The past year has been a particularly fruitful year in biblical studies, including scholarship on the Gospels, Paul, NT Greek, and other topics. Listed in alphabetical order by author’s last name, here are the Biblical Foundations™ awards for 10 best books in Biblical Studies for 2016. Following this list, I have taken the liberty to provide a list of my own books published in 2016.
- Craig L. Blomberg, The Historical Reliability of the New Testament: Countering the Challenges to Evangelical Christian Beliefs (B&H). The culmination of decades of work on the historical reliability of the New Testament documents.
- Richard B. Hays, Echoes of Scripture in the Gospels (Baylor Univ. Press). The sequel to Hays’s acclaimed and highly influential work Echoes of Scripture in Paul’s Letters, this volume applies the same brilliant theological and scriptural analysis to the Gospels.
- Christoph Heilig, J. Thomas Hewitt, and Michael F. Bird, eds. God and the Faithfulness of Paul: A Critical Evaluation of the Pauline Theology of N. T. Wright (Mohr Siebeck). An important collection of essays critiquing N. T. Wright’s Pauline theology, including a response by Wright.
- Michael J. Kruger, ed., A Biblical-Theological Introduction to the New Testament and
- Miles V. Van Pelt, ed., A Biblical-Theological Introduction to the Old Testament (Crossway). Two helpful new introductions to the respective Testaments with special emphasis on biblical theology.
- Michael R. Licona, Why Are There Differences in the Gospels? What We Can Learn from Ancient Biography (Oxford University Press). I have not yet read the book, and the author has previously come under fire for his view of Matthew 27, but I look forward to reading this book and to learn better how to defend the reliability of the Gospels.
- Richard N. Longenecker, The Epistle to the Romans, New International Greek Testament Commentary (Eerdmans). A new addition to a standard Greek-based NT commentary series from a veteran scholar.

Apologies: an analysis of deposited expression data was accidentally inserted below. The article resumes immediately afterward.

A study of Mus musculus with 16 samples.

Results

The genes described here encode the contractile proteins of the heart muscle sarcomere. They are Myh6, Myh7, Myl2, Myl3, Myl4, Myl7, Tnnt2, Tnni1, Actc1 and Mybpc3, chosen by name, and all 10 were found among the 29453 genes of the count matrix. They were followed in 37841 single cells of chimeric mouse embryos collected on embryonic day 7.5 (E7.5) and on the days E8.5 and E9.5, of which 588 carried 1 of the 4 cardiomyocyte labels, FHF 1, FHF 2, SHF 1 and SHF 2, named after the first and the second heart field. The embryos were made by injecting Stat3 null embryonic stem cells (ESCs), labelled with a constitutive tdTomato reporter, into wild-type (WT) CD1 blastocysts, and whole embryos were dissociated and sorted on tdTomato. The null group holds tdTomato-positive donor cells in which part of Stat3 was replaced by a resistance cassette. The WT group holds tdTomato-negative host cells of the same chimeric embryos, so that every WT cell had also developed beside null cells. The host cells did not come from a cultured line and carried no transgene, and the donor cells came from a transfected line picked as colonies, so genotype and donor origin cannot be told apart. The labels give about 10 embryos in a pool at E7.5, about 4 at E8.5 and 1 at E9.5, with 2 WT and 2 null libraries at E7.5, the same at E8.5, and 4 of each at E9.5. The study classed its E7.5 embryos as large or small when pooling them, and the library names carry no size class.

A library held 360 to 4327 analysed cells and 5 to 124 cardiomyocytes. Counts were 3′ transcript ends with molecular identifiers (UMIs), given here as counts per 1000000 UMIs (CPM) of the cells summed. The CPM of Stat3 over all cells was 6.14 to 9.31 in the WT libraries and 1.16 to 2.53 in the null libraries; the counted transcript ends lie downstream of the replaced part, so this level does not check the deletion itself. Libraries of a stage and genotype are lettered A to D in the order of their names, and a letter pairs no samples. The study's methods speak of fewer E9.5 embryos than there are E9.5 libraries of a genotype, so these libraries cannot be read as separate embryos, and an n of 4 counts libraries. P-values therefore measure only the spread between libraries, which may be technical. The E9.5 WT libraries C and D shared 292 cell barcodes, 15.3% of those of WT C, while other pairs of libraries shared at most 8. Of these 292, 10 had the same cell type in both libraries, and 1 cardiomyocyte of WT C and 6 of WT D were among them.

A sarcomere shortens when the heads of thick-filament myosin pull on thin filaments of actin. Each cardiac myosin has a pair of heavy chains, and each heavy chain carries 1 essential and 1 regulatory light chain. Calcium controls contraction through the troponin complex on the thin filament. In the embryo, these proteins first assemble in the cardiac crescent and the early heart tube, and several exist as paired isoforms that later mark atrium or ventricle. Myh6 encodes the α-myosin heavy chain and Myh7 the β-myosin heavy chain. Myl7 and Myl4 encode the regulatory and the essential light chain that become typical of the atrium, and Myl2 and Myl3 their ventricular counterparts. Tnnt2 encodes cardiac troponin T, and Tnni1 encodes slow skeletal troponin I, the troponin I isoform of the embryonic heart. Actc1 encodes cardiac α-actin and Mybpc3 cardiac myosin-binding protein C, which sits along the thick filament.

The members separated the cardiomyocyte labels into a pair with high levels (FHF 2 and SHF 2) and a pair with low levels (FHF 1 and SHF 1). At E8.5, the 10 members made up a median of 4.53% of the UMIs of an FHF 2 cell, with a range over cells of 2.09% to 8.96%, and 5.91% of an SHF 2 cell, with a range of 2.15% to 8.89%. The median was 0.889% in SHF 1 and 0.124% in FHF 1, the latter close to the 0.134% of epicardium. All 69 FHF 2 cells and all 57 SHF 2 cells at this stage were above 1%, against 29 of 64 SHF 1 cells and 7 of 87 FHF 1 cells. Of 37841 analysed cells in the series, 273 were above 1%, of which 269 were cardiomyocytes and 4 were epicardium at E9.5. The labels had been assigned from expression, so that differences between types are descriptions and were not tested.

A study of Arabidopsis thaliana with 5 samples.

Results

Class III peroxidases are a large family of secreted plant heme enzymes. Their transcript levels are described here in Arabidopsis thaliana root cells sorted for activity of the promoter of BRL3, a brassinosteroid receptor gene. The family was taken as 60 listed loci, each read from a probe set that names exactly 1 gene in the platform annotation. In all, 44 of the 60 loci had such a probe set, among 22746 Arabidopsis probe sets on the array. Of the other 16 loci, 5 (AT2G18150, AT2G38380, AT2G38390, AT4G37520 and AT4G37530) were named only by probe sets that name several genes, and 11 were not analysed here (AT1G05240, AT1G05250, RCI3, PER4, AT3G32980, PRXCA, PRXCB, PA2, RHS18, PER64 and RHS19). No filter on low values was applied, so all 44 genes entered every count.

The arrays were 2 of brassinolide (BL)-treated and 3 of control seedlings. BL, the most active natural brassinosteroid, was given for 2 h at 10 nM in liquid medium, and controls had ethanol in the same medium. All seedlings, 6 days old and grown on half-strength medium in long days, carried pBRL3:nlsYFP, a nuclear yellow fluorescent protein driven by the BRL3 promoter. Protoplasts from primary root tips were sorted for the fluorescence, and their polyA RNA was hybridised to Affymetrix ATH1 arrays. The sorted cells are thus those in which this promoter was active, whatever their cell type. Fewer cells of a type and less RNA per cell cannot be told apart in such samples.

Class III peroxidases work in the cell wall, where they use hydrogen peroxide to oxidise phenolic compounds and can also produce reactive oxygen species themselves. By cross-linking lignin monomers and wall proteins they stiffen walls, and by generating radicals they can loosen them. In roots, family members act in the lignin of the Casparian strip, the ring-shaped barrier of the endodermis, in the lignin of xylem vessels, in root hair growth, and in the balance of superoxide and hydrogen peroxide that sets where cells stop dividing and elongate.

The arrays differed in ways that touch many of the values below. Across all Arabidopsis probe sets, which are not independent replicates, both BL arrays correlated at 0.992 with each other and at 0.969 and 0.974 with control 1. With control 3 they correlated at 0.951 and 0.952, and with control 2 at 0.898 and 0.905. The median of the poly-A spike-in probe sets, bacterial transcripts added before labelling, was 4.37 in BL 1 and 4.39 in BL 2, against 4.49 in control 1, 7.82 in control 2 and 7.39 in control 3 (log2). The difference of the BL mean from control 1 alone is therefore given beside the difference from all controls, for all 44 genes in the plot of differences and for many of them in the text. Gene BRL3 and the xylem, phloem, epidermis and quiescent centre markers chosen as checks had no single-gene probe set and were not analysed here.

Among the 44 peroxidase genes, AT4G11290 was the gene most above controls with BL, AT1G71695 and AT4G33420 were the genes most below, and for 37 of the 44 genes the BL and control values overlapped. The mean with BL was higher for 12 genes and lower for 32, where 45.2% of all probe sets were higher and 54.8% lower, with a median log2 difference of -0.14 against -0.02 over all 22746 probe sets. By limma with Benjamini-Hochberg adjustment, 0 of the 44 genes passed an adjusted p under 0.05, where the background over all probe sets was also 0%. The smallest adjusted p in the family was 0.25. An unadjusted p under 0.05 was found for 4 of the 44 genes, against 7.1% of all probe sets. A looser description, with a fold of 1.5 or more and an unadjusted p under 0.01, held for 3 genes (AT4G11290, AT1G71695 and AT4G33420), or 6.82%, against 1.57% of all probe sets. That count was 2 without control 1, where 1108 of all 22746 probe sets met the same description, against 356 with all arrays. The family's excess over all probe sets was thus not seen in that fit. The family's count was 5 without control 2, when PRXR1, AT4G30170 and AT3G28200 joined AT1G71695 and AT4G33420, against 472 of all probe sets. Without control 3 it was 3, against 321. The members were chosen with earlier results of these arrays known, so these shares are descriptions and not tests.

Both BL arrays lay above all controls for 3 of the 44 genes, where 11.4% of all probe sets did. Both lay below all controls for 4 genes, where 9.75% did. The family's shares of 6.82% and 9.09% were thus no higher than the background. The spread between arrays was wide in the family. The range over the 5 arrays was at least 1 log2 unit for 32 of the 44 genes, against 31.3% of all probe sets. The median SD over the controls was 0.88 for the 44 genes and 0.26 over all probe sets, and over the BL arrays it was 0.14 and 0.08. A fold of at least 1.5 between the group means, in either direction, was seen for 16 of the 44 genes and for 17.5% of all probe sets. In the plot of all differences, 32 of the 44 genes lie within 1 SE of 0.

- Christopher W. Morgan, ed. The Love of God, Theology in Community (Crossway). Another helpful, well-conceived volume in the Theology in Community series with contributions by D. A. Carson, Ray Ortlund, Robert Plummer, and yours truly (on the Gospels).
- Steven E. Runge and Christopher J. Fresch, eds., The Greek Verb Revisited: A Fresh Approach for Biblical Exegesis (Lexham). A significant contribution to Greek verbal analysis from a group of leading scholars in the field. Disclaimer: I wrote the foreword to this book.
- Jeffrey A. D. Weima, Paul the Ancient Letter Writer: An Introduction to Epistolary Analysis (Baker). A very useful accessible introduction to epistolary analysis by a seasoned Pauline scholar.
Own books published in 2016:
- Co-authored with R. Alan Fuhr, Inductive Bible Study: Through the Lenses of History, Literature, and Theology. (B&H). This new college-level textbook and local church resource blends the tried-and-true inductive Bible study method with the hermeneutical triad of history, literature, and theology (Invitation to Biblical Interpretation).
- Co-authored with Benjamin L. Merkle and Robert L. Plummer, Going Deeper with New Testament Greek: An Intermediate Study of the Grammar and Syntax of the New Testament (B&H). A new intermediate NT Greek grammar written as a course text. Also available is an associated laminated chart plus various ancillary resources.
- Co-authored with L. Scott Kellum and Charles L. Quarles, The Cradle, the Cross, and the Crown: An Introduction to the New Testament, 2nd (B&H). Fully updated footnote documentation and bibliographies, as well as a new epilogue on the biblical storyline and sections on how to interpret the various NT genres.
- Co-edited with Thomas R. Schreiner, Women in the Church: An Analysis and Application of 1 Timothy 2:9–15, 3rd (Crossway). The third edition of this standard volume features new essays by Albert Wolters and Denny Burk, a new panel discussion on application, and updated chapters by Baugh, Köstenberger, Schreiner, and Yarbrough.